MVP – Earliest Testable Product

Minimum Viable Product (MVP) started as a buzzword that has become an essential concept for those leading software projects today. It is true, the idea behind the term has progressed and is now widely accepted. If you are unfamiliar with MVP and do not yet know how to use this strategy, this post is required reading.


As a person trying to learn about the MVP strategy, you may want to understand why we needed to learn a new acronym in the first place. Project Managers in the past and many today believe robust project requirements and accurate resource scheduling are sure ways to have a successful project. However, too often the “big bang” approach is not efficient for giving the users what they want. Even as the Agile methodology gained traction, usually it was not practiced how it was intended. This means teams did use iteration, but the products delivered at the end of early sprints were still unusable. Out of the heap of disappointment was born the MVP concept.


So while we have learned that upfront analysis is excellent, it does not compensate for putting an actual product into the hands to real customers. We still need to know precisely what MVP is.

The MVP is a version of a product or service that includes sufficient features to meet the needs of customers while allowing for the collection of as much information as possible. Therefore it must be a fully functioning product and able to generate genuine feedback from users.

This minimum viable product idea comes from the LEAN and Agile methodologies. Using the spirit of these techniques, designers separate product needs and wants where you build something that delivers just enough for customers to use your product. This will be the earliest testable product.


While the key take away from the definition of MVP is about generating valuable feedback, we want to learn more about the power of this strategy. Proponents of MVP point to cheaper, faster, and better products because you build guided by market demand rather than assumptions. These advantages are highlighted below.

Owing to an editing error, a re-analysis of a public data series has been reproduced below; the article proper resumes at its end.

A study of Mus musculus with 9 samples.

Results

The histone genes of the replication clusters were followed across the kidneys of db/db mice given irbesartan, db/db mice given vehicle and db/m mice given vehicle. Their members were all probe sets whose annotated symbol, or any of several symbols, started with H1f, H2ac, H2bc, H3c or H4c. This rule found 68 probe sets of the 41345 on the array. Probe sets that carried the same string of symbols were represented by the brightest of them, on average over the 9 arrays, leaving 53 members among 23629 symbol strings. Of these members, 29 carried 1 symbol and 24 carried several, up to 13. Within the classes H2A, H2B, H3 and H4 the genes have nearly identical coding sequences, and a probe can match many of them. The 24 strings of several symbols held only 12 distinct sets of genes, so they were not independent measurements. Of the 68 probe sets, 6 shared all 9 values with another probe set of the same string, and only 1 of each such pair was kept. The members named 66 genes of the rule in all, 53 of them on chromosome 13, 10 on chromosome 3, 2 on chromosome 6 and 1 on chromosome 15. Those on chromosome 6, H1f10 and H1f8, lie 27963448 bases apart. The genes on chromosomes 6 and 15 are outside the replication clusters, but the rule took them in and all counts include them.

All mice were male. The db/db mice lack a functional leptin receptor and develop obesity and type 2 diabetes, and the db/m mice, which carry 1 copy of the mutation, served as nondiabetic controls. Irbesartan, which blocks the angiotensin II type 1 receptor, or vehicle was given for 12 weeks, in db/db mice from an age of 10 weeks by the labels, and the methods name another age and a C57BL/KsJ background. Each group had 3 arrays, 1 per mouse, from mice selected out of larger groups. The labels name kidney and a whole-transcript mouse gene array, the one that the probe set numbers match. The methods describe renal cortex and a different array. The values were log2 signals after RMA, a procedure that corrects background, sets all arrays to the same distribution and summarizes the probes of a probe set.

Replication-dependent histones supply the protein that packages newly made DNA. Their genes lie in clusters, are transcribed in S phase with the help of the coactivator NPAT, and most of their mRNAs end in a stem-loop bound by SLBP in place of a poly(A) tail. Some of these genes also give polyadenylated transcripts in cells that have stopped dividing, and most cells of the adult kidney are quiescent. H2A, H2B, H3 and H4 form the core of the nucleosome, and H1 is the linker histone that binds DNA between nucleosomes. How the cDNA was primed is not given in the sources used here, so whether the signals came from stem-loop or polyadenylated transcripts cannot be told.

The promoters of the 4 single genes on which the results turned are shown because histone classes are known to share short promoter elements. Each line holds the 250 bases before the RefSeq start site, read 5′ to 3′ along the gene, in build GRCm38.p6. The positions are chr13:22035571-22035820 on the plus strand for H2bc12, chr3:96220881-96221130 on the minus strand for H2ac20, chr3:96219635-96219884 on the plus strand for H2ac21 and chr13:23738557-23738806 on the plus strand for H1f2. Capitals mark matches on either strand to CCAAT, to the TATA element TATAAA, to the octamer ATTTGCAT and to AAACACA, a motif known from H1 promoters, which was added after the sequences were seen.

If a Timex watch sealed the deal, you wouldn’t offer a Rolex. Don’t make decisions based on assumptions because that makes balancing risk and reward very difficult. So when you build a customer base with an MVP strategy, you have room to expand your market and also collect more revenue streams.


Delivering a marketable product is more important than working on perfection. Remember that it is easier to get people to say that they love your product versus having them agree to pay for it. MVP achieves opposite, where you generate a product your target audience will pay for.


By making a functional product and having and several customers try it, you are working at eliminating your own bias. MVP changes the vision on how to solve the need by extending the question to a much larger audience compared to other techniques. The final product results from customer collaboration and engagement.

Now that we have examined the benefits of the MVP, we turn to the practical part.

MVP Strategy in Wikimedia Commons licensed by Creative Commons

Releasing your first MVP doesn’t mean that you are ready to publically launch your product. It is reasonable to iterate for gaining a critical mass of features that are tested, validated, and used. At the point which your team is ready to launch is called the Minimum Marketable Product (MMP).

The defining principle behind a Minimum Viable Product is to learn quickly with the smallest investment. As you iterate and build multiple MVPs to create an MMP, the ultimate goal is to confirm your assumptions and respond to market feedback continually.